I’ve previously suggested that there’s a need for political realism in the debates over ownership of social networks and the general direction of Web 2.0. And I’ve suggested that Old Labour is dead and any expectations that the government will start nationalising services is being naive.
Well, I got that wrong didn’t I! However lefties in the US and Canada will probably be disappointed that the Government’s nationalisation of Northern Rock doesn’t herald a return to socialist principles – indeed even the Daily Mail acknowledges that nationalisation “is extremely rare and embarrassing for Labour“.
I think my mistake was in attempting to use political analogies which are still too relevant to many and capable of being reinterpretted in different ways.
So I was really pleased to read Martin Weller’s post on Downes vs Wiley – Cato and Cicero revisited on his Edtechie blog. As Martin describes:
Cato and Cicero both believed passionately in the same higher level goal, ie the establishment of the Roman Republic. Yet they frequently clashed about what was the best way to achieve it. In the same way I think Stephen (Downes) and David (Wiley both believe passionately in the overall aim of open education, but have differing views as to how it should be realised.
Cato was the purist, unbending and uncompromising. Cicero was the pragmatist, willing to compromise and work with a range of people to advance the republic. Cato often thought Cicero compromised too much, thus rendering his beliefs invalid. Cicero was often infuriated that Cato wouldn’t compromise and through this played in to the hands of the anti-republicans.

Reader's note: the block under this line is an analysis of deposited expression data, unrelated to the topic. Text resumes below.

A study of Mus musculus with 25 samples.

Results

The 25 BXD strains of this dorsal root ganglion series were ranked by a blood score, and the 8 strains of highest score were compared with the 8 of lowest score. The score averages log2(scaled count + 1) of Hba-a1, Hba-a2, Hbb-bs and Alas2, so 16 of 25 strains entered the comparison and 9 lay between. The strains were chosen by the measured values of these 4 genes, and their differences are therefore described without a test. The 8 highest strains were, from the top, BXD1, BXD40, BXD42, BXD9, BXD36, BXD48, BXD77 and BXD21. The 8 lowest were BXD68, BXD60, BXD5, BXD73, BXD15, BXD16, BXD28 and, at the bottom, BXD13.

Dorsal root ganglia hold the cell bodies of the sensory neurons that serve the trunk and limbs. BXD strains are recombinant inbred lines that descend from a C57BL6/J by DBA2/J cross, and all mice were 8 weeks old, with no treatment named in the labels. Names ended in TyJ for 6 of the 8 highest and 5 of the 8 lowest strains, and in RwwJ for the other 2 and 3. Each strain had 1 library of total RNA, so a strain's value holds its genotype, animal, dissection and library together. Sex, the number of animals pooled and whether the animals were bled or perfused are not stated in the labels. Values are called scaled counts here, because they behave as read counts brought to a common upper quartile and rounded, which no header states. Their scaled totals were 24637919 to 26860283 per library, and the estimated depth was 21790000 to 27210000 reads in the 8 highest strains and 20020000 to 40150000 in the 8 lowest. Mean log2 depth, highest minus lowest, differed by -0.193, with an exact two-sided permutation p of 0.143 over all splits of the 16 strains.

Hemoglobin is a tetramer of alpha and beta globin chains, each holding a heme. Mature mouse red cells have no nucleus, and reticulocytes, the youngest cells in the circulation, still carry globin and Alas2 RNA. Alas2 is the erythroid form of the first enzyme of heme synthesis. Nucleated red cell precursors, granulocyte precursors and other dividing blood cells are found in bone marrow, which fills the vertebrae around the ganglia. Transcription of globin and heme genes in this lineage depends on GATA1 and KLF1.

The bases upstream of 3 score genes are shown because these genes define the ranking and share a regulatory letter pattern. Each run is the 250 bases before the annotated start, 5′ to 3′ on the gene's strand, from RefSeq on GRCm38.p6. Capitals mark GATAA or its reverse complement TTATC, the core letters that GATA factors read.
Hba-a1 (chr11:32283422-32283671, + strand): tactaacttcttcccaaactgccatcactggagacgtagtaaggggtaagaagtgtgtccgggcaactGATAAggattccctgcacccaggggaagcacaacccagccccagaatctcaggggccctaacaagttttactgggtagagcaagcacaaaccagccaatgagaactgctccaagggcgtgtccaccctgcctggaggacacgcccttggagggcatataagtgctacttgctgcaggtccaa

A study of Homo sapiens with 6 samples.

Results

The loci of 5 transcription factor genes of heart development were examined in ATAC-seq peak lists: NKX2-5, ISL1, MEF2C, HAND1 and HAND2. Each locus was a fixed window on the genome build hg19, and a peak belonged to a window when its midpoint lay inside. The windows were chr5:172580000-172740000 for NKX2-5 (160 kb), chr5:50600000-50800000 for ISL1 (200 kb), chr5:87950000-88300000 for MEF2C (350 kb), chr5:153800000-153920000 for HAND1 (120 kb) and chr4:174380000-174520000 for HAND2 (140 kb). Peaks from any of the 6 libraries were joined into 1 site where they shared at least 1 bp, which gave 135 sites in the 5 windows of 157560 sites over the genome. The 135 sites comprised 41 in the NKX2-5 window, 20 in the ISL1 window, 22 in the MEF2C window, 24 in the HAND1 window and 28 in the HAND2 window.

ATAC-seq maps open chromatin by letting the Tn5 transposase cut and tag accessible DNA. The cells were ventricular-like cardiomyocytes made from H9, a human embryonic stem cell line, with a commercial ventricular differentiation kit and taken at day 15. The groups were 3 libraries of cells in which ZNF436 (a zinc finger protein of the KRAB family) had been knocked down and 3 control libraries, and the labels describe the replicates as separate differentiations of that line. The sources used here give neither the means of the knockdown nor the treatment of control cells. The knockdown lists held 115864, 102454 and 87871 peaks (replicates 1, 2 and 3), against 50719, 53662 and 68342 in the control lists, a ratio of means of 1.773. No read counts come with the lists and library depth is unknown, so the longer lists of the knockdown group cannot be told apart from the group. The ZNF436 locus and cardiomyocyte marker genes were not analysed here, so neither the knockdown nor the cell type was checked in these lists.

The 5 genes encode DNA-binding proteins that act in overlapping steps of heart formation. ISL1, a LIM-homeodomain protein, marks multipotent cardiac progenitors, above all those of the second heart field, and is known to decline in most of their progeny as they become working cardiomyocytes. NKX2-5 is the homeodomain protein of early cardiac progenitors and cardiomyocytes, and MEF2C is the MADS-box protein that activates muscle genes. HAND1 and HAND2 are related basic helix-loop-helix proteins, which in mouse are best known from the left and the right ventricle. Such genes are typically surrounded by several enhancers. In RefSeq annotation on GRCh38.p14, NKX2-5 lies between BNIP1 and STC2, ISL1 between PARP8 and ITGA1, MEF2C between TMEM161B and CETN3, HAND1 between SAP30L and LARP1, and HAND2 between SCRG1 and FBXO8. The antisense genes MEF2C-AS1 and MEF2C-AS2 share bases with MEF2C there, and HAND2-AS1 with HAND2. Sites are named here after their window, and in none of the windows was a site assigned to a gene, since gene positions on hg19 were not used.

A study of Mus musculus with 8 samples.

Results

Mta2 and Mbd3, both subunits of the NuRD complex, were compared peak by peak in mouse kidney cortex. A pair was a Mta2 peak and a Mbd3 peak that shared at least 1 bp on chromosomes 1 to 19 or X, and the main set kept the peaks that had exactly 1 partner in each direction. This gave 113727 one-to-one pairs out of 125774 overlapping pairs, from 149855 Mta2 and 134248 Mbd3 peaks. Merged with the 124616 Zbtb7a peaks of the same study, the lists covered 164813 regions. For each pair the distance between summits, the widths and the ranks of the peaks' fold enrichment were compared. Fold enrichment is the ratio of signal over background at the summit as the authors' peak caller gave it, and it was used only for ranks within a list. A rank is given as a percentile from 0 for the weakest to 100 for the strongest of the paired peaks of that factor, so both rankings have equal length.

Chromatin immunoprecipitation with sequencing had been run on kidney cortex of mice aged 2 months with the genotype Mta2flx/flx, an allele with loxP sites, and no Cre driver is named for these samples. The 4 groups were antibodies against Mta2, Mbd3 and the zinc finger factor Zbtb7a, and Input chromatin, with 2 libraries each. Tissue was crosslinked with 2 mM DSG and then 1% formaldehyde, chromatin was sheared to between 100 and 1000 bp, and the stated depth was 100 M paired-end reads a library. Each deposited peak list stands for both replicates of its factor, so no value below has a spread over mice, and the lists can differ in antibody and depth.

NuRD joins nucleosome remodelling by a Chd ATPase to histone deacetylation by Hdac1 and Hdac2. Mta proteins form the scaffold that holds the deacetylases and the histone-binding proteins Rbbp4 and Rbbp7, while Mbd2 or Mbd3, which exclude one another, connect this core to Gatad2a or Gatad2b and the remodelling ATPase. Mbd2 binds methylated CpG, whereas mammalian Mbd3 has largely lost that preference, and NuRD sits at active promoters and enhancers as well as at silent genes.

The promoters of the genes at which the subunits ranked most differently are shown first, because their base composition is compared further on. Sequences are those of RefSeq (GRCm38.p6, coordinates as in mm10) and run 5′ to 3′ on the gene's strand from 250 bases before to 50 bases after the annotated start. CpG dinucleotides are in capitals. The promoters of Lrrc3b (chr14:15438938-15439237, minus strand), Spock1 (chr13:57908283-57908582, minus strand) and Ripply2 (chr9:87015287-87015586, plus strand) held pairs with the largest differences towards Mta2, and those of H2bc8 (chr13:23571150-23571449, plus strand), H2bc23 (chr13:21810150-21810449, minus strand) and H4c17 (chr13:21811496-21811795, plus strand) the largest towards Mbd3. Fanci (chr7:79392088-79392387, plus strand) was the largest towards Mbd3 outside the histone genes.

In his post Martin was suggesting that Stephen Downes’ objections to the Cape Town Declaration were based on the declaration’s inclusion of commercial entities, with Stephen arguing that “… the internet is already awash with really vile and intrusive commercial activity, do we have to export it too? We have the opportunity to do something really special in the world; why do we have to carve into every declaration of principle a paean to Things As They Are (and Those Who Profit From Them)?“.
Now I have to admit that, although my knowledge of Cicero and Cato is limited to having read Imperium, I have (mostly) taken a pragmatic approach to life generally and IT development in particular.
This struck me today when I read an article in CILIP Update about the inclusion of advertising leaflet in books borrowed from libraries and then returned home to find that my new passport had arrived – and a leaflet from a local estate agent was included in the letter (together with one from the NHS inviting me to join the NHS Organ Donor Register).
Now I personally don’t have any great concerns about the inclusion of adverts in library books or with my passport. Indeed if the income this generates can improve the quality of their services, then I would suggest that this is a good thing.
These particular issues, of course, aren’t about technologies. And neither, fundamentally, are the issues about ownership of social networks and use of commercially-provided services in the provision of educational and cultural heritage services (although I do acknowledge that the nature of IT can add extra complexities to the debate).
We need to recognise that the debates on the specifics of Facebook’s ownership, Bill Gates plans for Microsoft’s future role in Internet services and Rupert Murdoch’s plans for his media empire will only go so far. The
Catos ( Catoers, Catoists?) followers of Cato will need to convince the followers of Cicero that there vision have a realistic chance of being implemented, otherwise the debates are doomed to be endlessly repeated.